7 Investment Strategies to Help Grow Your Nest Egg

Investing for retirement is one of the big financial undertakings most people will deal with in their lifetime.

With all of the different investment products available, getting started with your retirement savings can be a little overwhelming. Making smart investment decisions will help you to save more money and live comfortably throughout your retirement years.


7 Investment Strategies to Help Grow Your Nest Egg

Here are seven investment tips to help you find your path to financial stability.


1. Invest Early

Some of the most common investment advice given is to start saving for retirement as early as you can.

You can open an IRA at any age, and many student jobs will allow you to set aside part of your paycheck into a retirement savings vehicle. Retirement may be a distant dream to college students, but it will come upon you faster than you think.

The benefits of investing early are that the longer you save the more you can save. Plus, the longer you save the more the magic of compound interest can work for you.


2. Invest Often

The best way to grow your retirement investment account is through regular contributions. The benefit to investing smaller chunks of money more often is that it will help even out the fluctuations in the market.

If you invest on a schedule, you will likely be buying low sometimes and buying high occasionally too. Ideally, the highs and lows will average out to a steady return rate.

If you wait to make your maximum allowed IRA contribution all at tax time, the market may be high and you will end up losing some of your investment when it drops down again.


3. Automate Your Investments

Remembering to make weekly, twice per month, or monthly investments can be tough, so automating your investments is the way to go.

Most employers allow employees to have money taken directly out of their paychecks and contributed to an employer-organized retirement account like a 401k.

If you are also funding an IRA or another investment account, most investment banks allow you to set up automatic contributions. They’ll also, in many cases, wave their transaction fees for automatic investments.

Set it and forget it is a philosophy that works well in many areas of life, and investing is no exception.


4. Invest in What You Know

When choosing what to invest in, it is wise to go with what you know. If you work in high tech, you may have confidence in your knowledge of what companies are doing well.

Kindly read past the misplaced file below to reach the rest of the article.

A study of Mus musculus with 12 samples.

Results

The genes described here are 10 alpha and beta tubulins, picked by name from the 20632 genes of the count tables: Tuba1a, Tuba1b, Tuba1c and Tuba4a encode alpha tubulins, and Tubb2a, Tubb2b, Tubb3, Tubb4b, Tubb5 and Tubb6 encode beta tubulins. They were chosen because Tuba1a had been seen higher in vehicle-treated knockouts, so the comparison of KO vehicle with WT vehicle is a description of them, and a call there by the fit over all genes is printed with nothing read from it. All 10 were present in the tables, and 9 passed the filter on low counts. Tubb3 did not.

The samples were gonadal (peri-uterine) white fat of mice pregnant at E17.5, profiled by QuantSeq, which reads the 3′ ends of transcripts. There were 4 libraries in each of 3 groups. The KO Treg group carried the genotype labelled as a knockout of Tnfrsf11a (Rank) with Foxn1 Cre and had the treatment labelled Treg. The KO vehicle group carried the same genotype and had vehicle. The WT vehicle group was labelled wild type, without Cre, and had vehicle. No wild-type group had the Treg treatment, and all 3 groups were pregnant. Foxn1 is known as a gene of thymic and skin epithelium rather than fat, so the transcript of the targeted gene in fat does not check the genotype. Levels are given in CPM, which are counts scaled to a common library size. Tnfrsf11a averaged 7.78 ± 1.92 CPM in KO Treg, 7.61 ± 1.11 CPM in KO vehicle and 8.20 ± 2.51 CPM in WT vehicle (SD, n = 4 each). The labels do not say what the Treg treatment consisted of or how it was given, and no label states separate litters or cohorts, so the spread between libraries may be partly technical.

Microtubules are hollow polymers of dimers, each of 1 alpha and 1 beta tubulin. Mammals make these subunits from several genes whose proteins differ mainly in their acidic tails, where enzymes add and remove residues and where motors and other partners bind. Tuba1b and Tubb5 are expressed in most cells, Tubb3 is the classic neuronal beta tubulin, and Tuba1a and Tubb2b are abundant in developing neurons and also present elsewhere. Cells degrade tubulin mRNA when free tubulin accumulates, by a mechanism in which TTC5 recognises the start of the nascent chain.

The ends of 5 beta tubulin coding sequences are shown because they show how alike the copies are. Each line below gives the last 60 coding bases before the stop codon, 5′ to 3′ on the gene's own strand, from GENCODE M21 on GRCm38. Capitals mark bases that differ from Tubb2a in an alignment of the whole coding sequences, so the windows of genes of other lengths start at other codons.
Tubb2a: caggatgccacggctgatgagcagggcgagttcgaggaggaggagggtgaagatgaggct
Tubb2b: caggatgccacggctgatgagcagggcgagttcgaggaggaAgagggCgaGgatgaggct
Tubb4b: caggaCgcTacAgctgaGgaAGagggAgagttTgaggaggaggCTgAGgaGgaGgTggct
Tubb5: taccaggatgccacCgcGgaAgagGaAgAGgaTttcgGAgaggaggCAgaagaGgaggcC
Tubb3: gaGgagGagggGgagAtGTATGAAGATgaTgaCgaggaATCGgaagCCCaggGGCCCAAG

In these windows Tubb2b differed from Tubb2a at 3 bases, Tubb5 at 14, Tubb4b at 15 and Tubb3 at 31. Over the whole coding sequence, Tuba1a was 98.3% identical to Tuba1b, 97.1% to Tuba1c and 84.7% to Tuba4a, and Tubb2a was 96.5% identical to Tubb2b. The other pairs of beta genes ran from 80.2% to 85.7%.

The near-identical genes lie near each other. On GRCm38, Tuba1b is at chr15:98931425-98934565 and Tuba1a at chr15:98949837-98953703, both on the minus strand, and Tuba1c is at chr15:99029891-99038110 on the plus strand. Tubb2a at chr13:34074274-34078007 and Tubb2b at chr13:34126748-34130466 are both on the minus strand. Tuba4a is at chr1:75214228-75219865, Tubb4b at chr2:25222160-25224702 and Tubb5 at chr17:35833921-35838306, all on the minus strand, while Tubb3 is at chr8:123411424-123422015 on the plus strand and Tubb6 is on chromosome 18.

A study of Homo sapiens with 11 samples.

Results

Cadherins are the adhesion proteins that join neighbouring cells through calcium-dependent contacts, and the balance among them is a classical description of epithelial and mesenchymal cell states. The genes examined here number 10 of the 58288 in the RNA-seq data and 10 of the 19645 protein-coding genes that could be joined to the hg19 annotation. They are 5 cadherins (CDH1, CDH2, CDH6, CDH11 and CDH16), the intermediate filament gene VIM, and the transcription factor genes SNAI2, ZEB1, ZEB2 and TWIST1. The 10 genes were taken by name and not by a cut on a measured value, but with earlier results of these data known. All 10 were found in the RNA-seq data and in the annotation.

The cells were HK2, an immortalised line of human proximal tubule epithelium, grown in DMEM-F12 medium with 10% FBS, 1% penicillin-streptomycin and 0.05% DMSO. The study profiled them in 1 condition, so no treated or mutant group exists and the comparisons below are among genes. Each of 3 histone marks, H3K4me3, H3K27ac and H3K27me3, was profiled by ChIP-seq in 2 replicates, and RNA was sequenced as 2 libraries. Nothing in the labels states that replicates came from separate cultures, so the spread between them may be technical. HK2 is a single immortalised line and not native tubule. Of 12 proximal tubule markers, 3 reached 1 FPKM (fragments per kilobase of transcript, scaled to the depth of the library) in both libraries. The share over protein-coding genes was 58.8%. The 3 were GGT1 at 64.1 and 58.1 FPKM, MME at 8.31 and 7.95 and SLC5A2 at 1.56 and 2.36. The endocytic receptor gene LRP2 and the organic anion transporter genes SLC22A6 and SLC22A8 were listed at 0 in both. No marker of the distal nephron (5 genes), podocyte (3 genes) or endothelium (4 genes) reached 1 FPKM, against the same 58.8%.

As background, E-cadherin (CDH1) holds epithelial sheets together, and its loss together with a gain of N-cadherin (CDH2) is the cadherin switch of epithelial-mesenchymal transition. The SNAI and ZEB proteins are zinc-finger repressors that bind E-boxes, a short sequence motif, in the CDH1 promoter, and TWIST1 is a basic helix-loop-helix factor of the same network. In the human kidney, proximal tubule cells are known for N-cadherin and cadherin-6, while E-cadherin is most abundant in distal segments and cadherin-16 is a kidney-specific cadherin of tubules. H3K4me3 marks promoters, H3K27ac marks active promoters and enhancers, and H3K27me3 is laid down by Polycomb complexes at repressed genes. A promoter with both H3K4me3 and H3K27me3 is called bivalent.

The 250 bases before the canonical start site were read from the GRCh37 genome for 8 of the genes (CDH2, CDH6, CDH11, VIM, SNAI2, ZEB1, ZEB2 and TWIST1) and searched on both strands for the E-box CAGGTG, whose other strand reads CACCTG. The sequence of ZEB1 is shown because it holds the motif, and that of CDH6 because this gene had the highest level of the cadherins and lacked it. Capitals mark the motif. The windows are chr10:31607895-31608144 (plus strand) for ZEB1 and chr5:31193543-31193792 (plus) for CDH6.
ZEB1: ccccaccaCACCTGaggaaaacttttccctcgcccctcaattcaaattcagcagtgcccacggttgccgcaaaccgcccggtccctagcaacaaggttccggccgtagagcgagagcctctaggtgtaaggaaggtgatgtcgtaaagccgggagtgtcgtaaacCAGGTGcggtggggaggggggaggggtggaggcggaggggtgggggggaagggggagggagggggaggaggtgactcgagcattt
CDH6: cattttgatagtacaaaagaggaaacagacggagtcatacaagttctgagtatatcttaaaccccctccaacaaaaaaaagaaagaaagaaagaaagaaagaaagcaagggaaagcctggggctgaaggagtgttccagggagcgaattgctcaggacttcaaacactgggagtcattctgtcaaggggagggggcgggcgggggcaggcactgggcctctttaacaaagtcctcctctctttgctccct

If you are in retail, you are probably familiar with which retail chains are making smart decisions. Which are doing good business, and which would make good long-term investments.

If you don’t know much about a particular area, you will be relying on your own research when investing in specific companies. There may not be enough information available publicly to make an informed investing decision.


5. Consider an Investment Adviser

If you choose to buy individual stocks rather than investing in funds that incorporate many companies and business sectors, you may want to seek the advice of an investment adviser.

Banks such as Stephens, Inc., an investment bank led by Warren Stephens, provide investment advice to individuals and groups.

An investment adviser can save you time and help you make more money by doing the research for you in a professional, thorough manner. They can also suggest ways to balance your stock portfolio that are appropriate for your retirement goals.


6. Diversify Your Portfolio

The goal of long-term investing is to minimize the negative effect of market fluctuations on your bottom line.

You do this by investing in a variety of business sectors with the idea that while some businesses are doing well, others are foundering. It all balances out over the forty years you own their stock.

You can diversify your investment portfolio by picking individual stocks in different business sectors. Or, you can buy into funds that include many different stocks, hand-picked by investment professionals to be balanced.

Depending on your investment style, stocks or funds may be a better choice.


7. Adjust Your Strategy According to Your Age

Another piece of advice often given is that the closer to retirement age you are, the more conservative your investments should be.

Stocks are considered riskier investments with more potential for big rewards, and bonds are low-risk and lower return investment vehicles.

If you are managing your own investments, you will want to slowly shift the percentage of your investments from mostly stocks to mostly bonds over time.

Many investment banks have their own target retirement date funds you can buy into that will be adjusted for you with the target date in mind. This is ideal for the hands-off investor.



Keeping these seven points in mind while planning your retirement investment strategy. This will help you maximize your return on investment in the long term.

Striving for slow and steady growth is the best approach when it comes to retirement investment, and following these tips will help you achieve that goal.

Have anything to add to these investment strategies? Leave a comment below.